Miami Simple Battery Attorney

Whether you or a loved one has been arrested, or are under investigation for simple battery (misdemeanor battery), it is critical to consult with an experienced attorney as soon as possible to ensure that your rights are protected. You need the counsel of an experienced Miami simple battery lawyer to guide you through the process and maximize your chances of resolving your case with a favorable outcome.

What is Simple Battery?

Like simple assault, simple battery is a misdemeanor.  Many batteries are charged as domestic violence, the only difference being that there is a close relationship between the parties in a domestic violence case.  Other than that, the law applying to battery is identical. The definition of simple battery can be found in Florida Statutes, Section 784.03(1)(A). The prosecutor can prove that a battery occurred in one of two ways: 

1. That the defendant actually and intentionally touched or struck another person against that person’s will; or

2. The defendant Intentionally caused bodily harm to another person.

Even if the State can only prove that you committed a simple battery/misdemeanor battery, the prosecutor can charge you with a third-degree felony if you have a prior conviction for battery, aggravated battery, or felony battery. According to the statute, a “conviction” includes prior cases where you might not have been formally convicted, i.e. the judge gave you a “withhold of adjudication.”

Requirement of Contact

Like all crimes, misdemeanor battery requires that you engage in certain conduct. In this case, physical contact with another person that either caused injury or was against the person’s will. You can be found guilty of battery even if you don’t touch the person’s body, as long as you touch an item that is intimately connected with the person’s body, like their clothing, purse, or bag.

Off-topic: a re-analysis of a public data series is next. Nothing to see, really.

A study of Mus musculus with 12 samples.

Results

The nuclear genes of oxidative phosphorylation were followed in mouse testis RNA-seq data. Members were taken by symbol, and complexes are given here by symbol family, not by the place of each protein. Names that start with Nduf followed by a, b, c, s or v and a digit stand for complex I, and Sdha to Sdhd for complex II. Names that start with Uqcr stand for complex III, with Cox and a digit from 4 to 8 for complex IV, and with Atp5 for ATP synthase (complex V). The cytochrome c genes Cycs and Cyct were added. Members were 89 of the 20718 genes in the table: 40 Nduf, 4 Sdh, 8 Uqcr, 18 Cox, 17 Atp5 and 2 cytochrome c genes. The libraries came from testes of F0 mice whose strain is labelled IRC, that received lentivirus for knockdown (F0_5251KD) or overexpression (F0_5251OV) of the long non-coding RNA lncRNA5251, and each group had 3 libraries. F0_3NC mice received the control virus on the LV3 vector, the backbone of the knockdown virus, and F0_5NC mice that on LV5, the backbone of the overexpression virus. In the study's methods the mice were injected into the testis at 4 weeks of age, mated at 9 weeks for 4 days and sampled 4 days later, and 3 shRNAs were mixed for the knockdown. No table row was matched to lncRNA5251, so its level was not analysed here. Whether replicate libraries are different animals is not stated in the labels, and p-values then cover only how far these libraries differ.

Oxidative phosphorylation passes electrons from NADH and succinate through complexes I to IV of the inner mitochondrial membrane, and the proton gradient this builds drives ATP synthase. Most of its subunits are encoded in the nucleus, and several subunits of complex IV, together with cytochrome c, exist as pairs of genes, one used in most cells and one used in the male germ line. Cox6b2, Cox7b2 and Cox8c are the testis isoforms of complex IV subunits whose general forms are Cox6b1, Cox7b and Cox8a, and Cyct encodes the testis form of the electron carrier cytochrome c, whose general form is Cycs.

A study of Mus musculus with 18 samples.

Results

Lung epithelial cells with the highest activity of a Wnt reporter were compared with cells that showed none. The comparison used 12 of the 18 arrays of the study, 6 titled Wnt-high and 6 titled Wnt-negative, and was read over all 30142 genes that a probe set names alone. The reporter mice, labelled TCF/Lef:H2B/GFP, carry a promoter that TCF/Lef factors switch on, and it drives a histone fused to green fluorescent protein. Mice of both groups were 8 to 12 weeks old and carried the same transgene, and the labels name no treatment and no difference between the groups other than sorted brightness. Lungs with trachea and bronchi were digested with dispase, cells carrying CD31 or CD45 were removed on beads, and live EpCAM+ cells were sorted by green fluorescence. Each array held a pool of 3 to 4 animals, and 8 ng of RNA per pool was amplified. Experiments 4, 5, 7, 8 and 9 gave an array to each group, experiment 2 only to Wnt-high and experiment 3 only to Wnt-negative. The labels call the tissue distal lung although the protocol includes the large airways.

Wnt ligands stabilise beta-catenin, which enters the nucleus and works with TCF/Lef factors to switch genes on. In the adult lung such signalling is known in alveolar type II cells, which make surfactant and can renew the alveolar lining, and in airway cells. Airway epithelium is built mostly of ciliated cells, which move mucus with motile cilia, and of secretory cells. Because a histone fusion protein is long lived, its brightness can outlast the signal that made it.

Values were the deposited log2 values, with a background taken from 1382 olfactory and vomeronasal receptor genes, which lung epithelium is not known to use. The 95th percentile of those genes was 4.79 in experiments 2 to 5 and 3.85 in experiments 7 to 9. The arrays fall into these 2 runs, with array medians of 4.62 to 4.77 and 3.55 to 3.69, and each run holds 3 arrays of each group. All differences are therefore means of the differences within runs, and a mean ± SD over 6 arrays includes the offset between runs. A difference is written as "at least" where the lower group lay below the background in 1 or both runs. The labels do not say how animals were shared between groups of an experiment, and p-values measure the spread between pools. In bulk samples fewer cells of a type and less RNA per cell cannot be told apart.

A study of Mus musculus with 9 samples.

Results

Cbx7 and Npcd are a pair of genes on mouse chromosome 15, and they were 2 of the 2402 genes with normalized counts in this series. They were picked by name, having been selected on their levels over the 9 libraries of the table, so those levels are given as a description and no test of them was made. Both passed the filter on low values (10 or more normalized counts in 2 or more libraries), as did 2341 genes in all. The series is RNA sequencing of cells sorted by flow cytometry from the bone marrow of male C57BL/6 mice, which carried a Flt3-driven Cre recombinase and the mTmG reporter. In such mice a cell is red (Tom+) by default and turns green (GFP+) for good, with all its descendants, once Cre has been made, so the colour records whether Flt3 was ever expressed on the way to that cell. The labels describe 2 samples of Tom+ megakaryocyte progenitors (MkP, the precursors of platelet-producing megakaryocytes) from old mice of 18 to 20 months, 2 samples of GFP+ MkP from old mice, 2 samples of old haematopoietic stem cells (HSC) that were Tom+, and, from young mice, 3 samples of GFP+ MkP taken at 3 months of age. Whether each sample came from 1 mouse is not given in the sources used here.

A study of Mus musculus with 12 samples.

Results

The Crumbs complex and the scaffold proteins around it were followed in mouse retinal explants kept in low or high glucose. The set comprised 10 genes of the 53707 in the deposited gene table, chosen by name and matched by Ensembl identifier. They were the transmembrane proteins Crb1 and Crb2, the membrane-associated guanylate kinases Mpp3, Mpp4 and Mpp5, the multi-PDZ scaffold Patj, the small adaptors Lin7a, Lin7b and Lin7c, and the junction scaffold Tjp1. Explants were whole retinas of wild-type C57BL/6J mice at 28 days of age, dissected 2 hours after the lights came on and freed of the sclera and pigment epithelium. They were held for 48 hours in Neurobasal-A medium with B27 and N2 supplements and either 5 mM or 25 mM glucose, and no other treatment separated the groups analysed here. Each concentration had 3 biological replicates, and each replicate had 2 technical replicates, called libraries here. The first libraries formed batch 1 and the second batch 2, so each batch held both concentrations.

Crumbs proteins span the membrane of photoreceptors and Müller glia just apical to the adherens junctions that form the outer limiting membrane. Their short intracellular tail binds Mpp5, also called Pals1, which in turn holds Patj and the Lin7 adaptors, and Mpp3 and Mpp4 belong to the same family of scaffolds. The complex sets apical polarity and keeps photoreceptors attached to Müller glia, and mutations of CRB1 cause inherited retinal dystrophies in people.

Minimal Contact Enough

You can even be found guilty if the physical contact or injury is minimal. Let’s say you get into an argument with a friend, and she throws a drink in your face. To make it simple, only the liquid of the drink makes contact with your body (there is no ice in the drink, or anything else that could possibly injure you). Under Florida law, this is still considered a battery. Because it is considered a non-consensual touching, it is irrelevant whether you suffered any injury. 

Intent Required

Simple battery requires that you have the intent to injure the victim or intentionally made non-consensual contact with them. In most cases, it is very easy to determine whether you did something intentionally or not.  If I take a swing at you and hit you in the jaw, it’s pretty clear that I did it on purpose. But if I am horse playing with a friend, and accidentally knock someone over as I try to get away, I would not be guilty of battery even if the person got injured.

Battery is a general intent crime. What that means is that as long as you have the intent to hit someone, you can be found guilty even if you end up hitting someone else by mistake.  The law says that your intent to hit your intended victim can be transferred to the person you actually ended up hitting. This is called “transferred intent.” 

Defenses to Misdemeanor Battery

Possible defenses to a misdemeanor battery charge can include:

  • Self-defense
  • Consent
  • Defense of property
  • Defense of another
  • Performance of Duty or Authority (force must be reasonable, e.g., a police officer using only the force necessary to make an arrest)

Possible Punishment for Simple Battery Conviction

Under Florida law, a battery can be charged as a first-degree misdemeanor, a third-degree felony, a second-degree felony, or even a first-degree felony. The degree of crime turns on a number of factors: whether the victim was injured (e.g., felony battery), the type of victim (e.g., elderly person, police officer), whether a weapon was used (aggravated battery), and whether the defendant has any prior convictions for battery. Simple battery, a first-degree misdemeanor, is the least serious battery charge. If you are convicted of simple misdemeanor battery you could face:

  • A county jail sentence of up to 364 days
  • A fine up to $1000
  • Up to one year of probation

Additional Resources

Simple Battery  / Misdemeanor Battery in Florida  -Detailed information on simple battery with case law citations from criminal defense law firm in Northern Florida.

Battery – (BAT) – Level I  Definitions, examples, guidelines, and FAQ’s from the Florida Department of Education.

Contact an Experienced Miami Battery Attorney

Over the years, we have represented hundreds of clients in battery cases. By taking the immediate action of hiring an experienced Miami battery attorney to defend yourself, you are minimizing the chances that your battery case will have lasting consequences for your career, personal life, and reputation. CALL US NOW for a CONFIDENTIAL CONSULTATION at (305) 538-4545, or simply take a moment to fill out our securely encrypted intake form. The additional details you provide will greatly assist us in responding to your inquiry.